Spain's economy minister, Luis de Guindos hit back at critics today after some suggested that the Spanish banking sector may have to receive a significant cash injection in order to stay afloat.
According to reports, De Guindos said at an event in Madrid that the country's banks do not need to be bolstered by European rescue funds, despite Spanish banks objectively having the largest shortfall in capital on their balance sheets, according to European Banking Authority (EBA) data, which is critical when it comes to creating a cash cushion in the event of a significant crisis in the markets.
The defence of his country's banking sector may be a noble, yet foolish exercise when looking at the cold, hard numbers.
Only three days ago, ratings agency Moody's cut the credit ratings of 16 Spanish banks and cut the debt rating on Santander UK, a subsidiary of the Spanish banking giant.
Moody's four main reasons for the downgrade illustrated the increasingly strained situation in Spain:
1.) Adverse operating conditions, characterised by the renewed recession, the ongoing real-estate crisis and persistent high levels of unemployment.
2.) Reduced creditworthiness of the Spanish sovereign, which weighs on banks' standalone profiles and affects the ability of the government to support banks.
3.) Rapid asset-quality deterioration, with non-performing loans to real-estate companies rising rapidly, and Moody's expecting other loan categories to deteriorate.
4.) Restricted market funding access, with the ongoing euro area debt crisis contributing to persistent investor concerns about Spanish banks and the sovereign.
But this is not a surprise.
Fitch Ratings started the year off with a negative outlook for Spanish banks, following intensification of the Eurozone crisis, increased market volatility, high unemployment and property sector problems.
"A further intensification of the Eurozone crisis, a deteriorating macro environment within Spain and across Europe, increased market volatility and risk aversion, could negatively affect bank credit profiles," said Maria Jose Lockerbie, Managing Director in Fitch's Financial Institutions group in January this year. "The weak economic environment in Spain, high unemployment and property sector problems will continue to constrain banks' business volumes, as well as eroding asset quality."
For 2012 and 2013, Fitch projected Spanish GDP growth of 0.0% and 1.0%, respectively, revised down from 0.5% and 1.5% previously. On May 17, Spain confirmed its formal slip back into recession, after its GDP fell 0.3% quarter on quarter, the same as in the earlier flash estimate. This is exactly the same pace of decline as recorded in Q4 last year.
Tying in with Moody's downgrade, Fitch cited the major Spanish banks continue to have varied drivers of credit worthiness and "purely domestic banks face significant challenges, the geographical diversification of the international banks."
Previous data from December 2011, from the EBA's benchmark capital requirements report, which comprised of its formal Recommendation and the final figures, related to banks' recapitalisation needs made for frightful reading.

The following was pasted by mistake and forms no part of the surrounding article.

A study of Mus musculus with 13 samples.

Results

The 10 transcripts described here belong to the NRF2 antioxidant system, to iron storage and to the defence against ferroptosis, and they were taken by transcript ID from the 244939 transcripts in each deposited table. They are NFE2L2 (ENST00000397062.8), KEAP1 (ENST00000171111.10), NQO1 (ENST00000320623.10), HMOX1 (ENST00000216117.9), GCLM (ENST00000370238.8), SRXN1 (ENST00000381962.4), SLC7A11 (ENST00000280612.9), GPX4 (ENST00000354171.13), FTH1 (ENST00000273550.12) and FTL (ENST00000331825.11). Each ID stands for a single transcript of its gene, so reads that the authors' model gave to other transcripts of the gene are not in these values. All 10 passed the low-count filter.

It said that European banks must raise €114.7bn of additional capital buffers by June this year, which is 8 percent more than its initial estimate of €106bn.
Spanish banks pole-position for the worst set of results. According to the EBA, Spanish banks had a €26.1bn shortfall in banking capital requirements - the bufferzone needed to keep them afloat, in case of severe market conditions.
In a breakdown of EBA report results, Banco Santander made up for a substantial portion of the shortfall with €15.3bn needed.
Meanwhile, for comparative purposes, Italian banks have a shortfall of €15.3bn, Portugual €6.9bn while Germany apparently needs another €13.1bn and the UK has no shortfall.
Moving forward to this week, De Guindos said that recently nationalised Bankia will need an injection of around €7bn but rejected the need for European rescue funds.
So where does he think the money will come from?
That we don't know - but what we do know is that investors are already predicting a bailout.
According to an interview with the Independent newspaper in the UK, one of the industry's top fund managers Dominic Rossi, chief investment officer for equities at Fidelity Worldwide Investment, said he expects Spain to be bailed out shortly.
"I don't think it will be long before Spain will need to seek official assistance in the recapitalisation of its banks from both the European Central Bank and the International Monetary Fund," said Rossi to the Independent. "Spain has a lot of assets outside of the country which can be sold and certainly I suspect some of those assets will come on to the market in order to recapitalise the banks before this is all over."
Spanish banks are not only undercapitalised but they also possess major risk from real estate exposures.
Fitch illustrated that the non-performing loans (NPL) ratio for the entire sector stood at 7.2 percent at end-September 2011.
The Spanish Government named consultants Oliver Wyman and Roland Berger Strategy to assess the banking system's real estate loans in a two part process.
The Financial Times said Spain wants a "top-down" assessment of the difference between the book value of loans, their current value on a "mark-to-market" basis and their value under a more stressed scenario.
In the second three-month exercise, which will begin in a month's time, the groups are said to conduct "a "bottom-up" examination on a bank-by-bank basis of all loans, which should provide an even more accurate assessment of the true losses faced by Spanish banks."